Fiber laser sensor technology for structural health monitoring

  • 18-Oct-2016 07:04 EDT

Crack detection in riveted lap joints with fiber laser acoustic emission sensors. The graphic shows the initiation and growth of cracks between rivets in a lap joint in the top left. A fiber laser sensor (illustrated in the top right inset), adhered to the structures, measures the acoustic emission signals generated by the cracks and software records them as acoustic events. A typical event is shown in the lower right plot. The amplitude of the events as a function of time is shown in the lower left plot. Large increases in an acoustic event amplitude are seen when the cracks grow. (U.S. Naval Research Laboratory)

According to Dr. Geoffrey Cranch, a research physicist from the Optical Sciences Division of the U.S. Naval Research Laboratory (NRL), none of the U.S. military services are currently using in-situ technologies to manage the structural health of their assets.

“An automated, in-situ structural health monitoring (SHM) system, capable of monitoring key structural parameters such as temperature, strain, impacts, and cracks, and capable of reliably detecting damage well before reaching a critical level is needed to increase safety and readiness while lowering operational cost of Navy platforms,” he said.

To do so, Cranch says that sensors that can detect acoustic emission signatures associated with crack initiation and growth, in near real-time, are required. Such sensors must be smaller and lighter than existing electrical equivalents, possess comparable or improved sensitivity, be easily multiplexed, and achieve all of that with a small system footprint and high reliability.

Along those lines and with funding partially provided by the Office of Naval Research Materials Science Division, an NRL-developed laser sensor, about the width of a human hair, was designed to be integrated into a shallow groove. In testing the application, researchers installed distributed feedback fiber laser acoustic emission sensors into a series of riveted aluminum lap joints and measured acoustic emission over a bandwidth of 0.5 MHz generated during a two-hour accelerated fatigue test. Measurements were also taken with an equivalent electrical sensor.

The embedded sensors were shown to resolve low-level acoustic events generated by periodic “fretting” from the riveted joint in addition to acoustic emissions from crack formation. Time-lapse imagery of the lap joint enabled correlation of the observed fracture with the measured signals.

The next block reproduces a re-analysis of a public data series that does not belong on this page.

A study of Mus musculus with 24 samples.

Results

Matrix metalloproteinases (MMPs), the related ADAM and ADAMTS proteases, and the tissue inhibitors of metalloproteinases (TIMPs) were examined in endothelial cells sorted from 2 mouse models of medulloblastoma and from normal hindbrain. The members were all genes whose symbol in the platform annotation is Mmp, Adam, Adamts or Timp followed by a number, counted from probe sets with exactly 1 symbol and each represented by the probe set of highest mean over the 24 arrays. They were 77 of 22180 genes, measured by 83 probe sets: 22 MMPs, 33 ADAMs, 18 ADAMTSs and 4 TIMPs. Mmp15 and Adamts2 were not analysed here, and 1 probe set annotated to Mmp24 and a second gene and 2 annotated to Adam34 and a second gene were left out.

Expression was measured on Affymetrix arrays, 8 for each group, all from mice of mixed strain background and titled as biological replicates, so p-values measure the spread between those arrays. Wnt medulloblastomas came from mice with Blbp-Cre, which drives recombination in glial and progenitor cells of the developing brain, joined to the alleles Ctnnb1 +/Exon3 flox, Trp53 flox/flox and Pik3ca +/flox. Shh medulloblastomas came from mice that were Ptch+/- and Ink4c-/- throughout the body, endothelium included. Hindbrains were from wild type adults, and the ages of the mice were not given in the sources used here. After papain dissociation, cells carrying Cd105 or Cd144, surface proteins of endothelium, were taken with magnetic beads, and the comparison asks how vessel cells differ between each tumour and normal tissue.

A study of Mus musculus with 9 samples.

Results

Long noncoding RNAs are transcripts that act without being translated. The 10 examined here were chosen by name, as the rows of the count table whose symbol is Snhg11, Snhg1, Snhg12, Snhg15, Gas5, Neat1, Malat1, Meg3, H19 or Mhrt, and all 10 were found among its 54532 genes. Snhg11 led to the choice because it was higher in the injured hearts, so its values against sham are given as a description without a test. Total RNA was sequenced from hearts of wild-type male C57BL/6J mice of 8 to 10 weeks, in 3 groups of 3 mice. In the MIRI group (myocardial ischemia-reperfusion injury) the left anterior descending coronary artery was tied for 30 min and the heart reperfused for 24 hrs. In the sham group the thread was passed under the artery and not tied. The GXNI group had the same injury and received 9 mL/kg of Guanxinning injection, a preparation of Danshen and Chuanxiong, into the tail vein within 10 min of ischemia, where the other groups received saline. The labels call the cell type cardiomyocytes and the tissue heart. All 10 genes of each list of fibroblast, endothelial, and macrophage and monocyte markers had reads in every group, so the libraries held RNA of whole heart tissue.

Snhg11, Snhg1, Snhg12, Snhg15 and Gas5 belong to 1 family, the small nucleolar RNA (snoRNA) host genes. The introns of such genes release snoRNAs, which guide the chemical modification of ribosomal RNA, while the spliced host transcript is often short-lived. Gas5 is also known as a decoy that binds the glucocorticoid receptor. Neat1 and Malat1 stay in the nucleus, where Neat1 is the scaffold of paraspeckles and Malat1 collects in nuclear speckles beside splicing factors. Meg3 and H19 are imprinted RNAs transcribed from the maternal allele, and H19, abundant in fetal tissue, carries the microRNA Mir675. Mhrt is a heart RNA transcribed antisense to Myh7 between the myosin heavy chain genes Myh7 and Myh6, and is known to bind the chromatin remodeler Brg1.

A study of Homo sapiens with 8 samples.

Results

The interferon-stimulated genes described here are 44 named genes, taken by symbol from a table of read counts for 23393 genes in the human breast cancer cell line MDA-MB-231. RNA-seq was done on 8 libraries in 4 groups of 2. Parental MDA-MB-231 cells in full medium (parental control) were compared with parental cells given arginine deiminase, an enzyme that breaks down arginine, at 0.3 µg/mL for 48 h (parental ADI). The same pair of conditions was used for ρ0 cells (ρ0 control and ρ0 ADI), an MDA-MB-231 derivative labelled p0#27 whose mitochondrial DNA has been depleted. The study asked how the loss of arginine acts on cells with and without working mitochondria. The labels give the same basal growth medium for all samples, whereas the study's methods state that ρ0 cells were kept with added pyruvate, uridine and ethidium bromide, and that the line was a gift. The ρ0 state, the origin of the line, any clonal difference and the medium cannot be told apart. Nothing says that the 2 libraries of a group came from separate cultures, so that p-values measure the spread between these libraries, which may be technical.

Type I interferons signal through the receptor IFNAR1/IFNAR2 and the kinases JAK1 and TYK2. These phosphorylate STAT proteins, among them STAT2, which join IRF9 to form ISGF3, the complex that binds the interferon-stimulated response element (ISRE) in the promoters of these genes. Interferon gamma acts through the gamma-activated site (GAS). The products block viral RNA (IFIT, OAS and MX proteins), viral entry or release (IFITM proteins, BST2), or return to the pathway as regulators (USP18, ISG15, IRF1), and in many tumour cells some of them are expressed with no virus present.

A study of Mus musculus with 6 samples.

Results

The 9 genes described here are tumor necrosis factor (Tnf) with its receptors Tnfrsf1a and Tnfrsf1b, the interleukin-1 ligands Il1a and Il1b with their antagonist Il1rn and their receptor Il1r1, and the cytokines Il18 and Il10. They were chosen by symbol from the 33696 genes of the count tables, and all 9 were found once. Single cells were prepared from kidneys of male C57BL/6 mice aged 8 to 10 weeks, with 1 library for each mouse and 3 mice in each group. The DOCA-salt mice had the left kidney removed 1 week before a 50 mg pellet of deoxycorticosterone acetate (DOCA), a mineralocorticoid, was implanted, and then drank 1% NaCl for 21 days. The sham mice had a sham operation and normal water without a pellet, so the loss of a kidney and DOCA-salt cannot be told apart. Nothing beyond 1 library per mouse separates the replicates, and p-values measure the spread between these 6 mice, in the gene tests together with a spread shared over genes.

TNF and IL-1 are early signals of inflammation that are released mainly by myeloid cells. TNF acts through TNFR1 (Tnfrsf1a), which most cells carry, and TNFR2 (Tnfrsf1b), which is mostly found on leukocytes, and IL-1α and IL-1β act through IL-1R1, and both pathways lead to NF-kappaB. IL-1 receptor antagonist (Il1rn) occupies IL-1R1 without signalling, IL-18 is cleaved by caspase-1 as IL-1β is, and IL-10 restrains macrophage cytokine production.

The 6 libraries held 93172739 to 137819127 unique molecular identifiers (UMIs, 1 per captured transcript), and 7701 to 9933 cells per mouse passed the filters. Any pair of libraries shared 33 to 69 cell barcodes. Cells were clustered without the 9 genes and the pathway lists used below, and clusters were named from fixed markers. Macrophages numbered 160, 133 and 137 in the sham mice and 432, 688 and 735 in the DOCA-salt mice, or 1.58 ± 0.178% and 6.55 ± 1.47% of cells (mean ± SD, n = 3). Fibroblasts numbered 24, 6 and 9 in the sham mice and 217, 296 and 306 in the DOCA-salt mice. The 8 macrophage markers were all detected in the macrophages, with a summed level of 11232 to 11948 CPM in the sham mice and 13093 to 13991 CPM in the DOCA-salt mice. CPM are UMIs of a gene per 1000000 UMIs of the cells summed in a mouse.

In addition to crack detection, the fiber laser sensor also proved capable of measuring compromising impacts, and the potential to integrate with existing fiber optic strain and temperature sensing systems. Combined, this provides a multi-parameter sensing capability for meeting the full operational safety requirements for an SHM system as well as a significantly lower total ownership costs.

“Our research team has demonstrated the ability of this fiber laser technology to detect acoustic emission at ultrasonic frequencies from cracks generated in a simulated fatigue environment,” said Cranch. “The novel part of this work is the fiber laser technology and how it is being applied.”

Acoustic signals from cracks can also be measured using piezoelectric sensors, and this technology has driven the existing work on failure prediction. However, Cranch says that piezoelectric technology is generally not practical for many applications due to its large size and limited multiplexing capability.

Cranch believes that the technology has possible applications beyond the military. “Our focus is on Navy platforms, such as aircraft, ships and submarines, but the technology could also be used on civilian aircraft,” he said. “Applications to bridges and buildings are also possible if there are critical parts prone to fatigue and failure that would benefit from continuous monitoring.”

Currently there is no other intrinsic optical fiber sensor capable of matching the performance obtained in the laboratory from the fiber laser acoustic emission sensor. The fiber laser sensor has demonstrated acoustic sensitivity comparable to, or greater than that achieved by existing electrical sensors.

This system has now been expanded to multiplex many fiber lasers sensors onto a single fiber. Efforts are currently underway to interpret the acoustic emission data to calculate useful metrics such as probability of failure.

Future enhancements include implementing phased array beam forming techniques to enable crack location.